Jane Lindholm

Why do dogs have whiskers? Why are dogs' eyesight black and white? Why do dogs have so many babies? Why do dogs have tails and we don't? Why are dogs thumbs so high on their paw? Why don't dogs sweat? Why do dogs roll in the grass? Why aren't dogs and cats friends? Veterinarian and dog scientist Jessica Hekman has answers.

Download our learning guides: PDF | Google Slides | Transcript | Coloring Page | Dog Breed Quiz| Answer Key


"Why do dogs have whiskers?" - Hazel, 7, Duxbury, VT

This episode features coloring pages by Aaron Shrewsbury. You can download and print Sleeping Mama Dog here. There is also a quiz coloring page! Download and print Dog Breeds and see how many you can identify, then check your answers here.

"Dogs don't actually rely on eyesight as much as we do. Their noses are really, really good, and so they have these other extra good senses that help them out more than ours. Just as their noses are better than ours and they use them to explore the world more, they also have whiskers to help them feel their way around in low light.

"So if you were walking around and you couldn't see very well and you were coming close to bumping up against a wall your whiskers would warn you before you bumped up against the wall. That's why dogs and cats have whiskers. That's just another way, another sensory input system that they use that we don't really need partly because our eyes are so much better, but also partly because we aren't as interested in moving around in the twilight as they are because they're predators and that's a really good time for them to hunt."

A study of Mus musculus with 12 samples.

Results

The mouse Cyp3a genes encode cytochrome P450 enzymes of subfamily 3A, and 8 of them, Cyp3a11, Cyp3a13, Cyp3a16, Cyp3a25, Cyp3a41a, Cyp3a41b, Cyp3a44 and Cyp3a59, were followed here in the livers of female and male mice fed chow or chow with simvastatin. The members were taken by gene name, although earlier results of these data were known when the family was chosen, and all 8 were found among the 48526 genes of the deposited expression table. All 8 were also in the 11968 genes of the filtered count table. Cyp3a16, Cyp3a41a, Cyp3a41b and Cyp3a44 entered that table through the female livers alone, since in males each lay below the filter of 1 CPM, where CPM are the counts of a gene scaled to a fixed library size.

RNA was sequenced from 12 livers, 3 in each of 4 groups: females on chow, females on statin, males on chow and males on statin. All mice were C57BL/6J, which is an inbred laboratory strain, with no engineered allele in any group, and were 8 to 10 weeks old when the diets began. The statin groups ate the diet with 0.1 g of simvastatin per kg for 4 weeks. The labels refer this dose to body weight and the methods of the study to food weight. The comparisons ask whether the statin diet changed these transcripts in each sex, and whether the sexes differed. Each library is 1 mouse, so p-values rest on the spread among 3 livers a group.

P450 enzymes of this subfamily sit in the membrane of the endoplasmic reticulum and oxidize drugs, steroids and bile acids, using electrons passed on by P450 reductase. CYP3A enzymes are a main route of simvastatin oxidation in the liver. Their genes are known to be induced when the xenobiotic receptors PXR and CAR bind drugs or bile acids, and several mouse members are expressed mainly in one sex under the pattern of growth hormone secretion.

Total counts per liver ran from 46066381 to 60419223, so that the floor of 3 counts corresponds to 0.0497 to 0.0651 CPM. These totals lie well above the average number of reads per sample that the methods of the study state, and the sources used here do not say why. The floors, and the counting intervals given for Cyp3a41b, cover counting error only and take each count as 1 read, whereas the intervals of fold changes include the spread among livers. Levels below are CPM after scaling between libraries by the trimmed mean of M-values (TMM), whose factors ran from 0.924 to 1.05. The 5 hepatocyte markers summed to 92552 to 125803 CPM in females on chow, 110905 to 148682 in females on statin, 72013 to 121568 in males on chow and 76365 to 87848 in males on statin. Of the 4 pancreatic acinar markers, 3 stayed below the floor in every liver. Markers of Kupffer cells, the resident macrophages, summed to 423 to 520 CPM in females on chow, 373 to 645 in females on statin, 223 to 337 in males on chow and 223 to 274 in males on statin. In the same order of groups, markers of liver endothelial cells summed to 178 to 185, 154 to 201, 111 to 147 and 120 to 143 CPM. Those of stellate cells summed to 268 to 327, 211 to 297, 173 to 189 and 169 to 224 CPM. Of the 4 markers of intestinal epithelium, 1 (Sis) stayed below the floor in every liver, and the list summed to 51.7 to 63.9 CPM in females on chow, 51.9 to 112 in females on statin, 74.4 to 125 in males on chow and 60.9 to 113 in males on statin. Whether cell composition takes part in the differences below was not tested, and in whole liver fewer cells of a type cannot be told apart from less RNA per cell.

"Why are dogs' eyesight black and white?" - Lola, 7, Oakland, CA

"Actually dogs can see some colors, they don't actually just see black and white. They see fewer colors than we do. They don't actually see red, but they can see blue and green and yellow.

"Then the question I think is really why humans can see red, right? And the answer is probably that our ancestors evolved that ability so that they could see brightly colored fruit like red or orange fruit, which was probably an important part of our diet millions of years ago. If you look at other animals who can see reds, other primates who are very interested in fruit and also birds who are very interested in fruit can also see red. And again just like with the whiskers question, dogs don't rely on vision as much as we do so that could be another part of the story, that having detailed color vision is just not as important for them."

Clarification: In the audio for this episode, Dr. Hekman misspoke about how horses walk. They walk on one toe.

Melody is the Contributing Editor for But Why: A Podcast For Curious Kids and the co-author of two But Why books with Jane Lindholm.
Jane Lindholm is the host, executive producer and creator of But Why: A Podcast For Curious Kids. In addition to her work on our international kids show, she produces special projects for Vermont Public. Until March 2021, she was host and editor of the award-winning Vermont Public program Vermont Edition.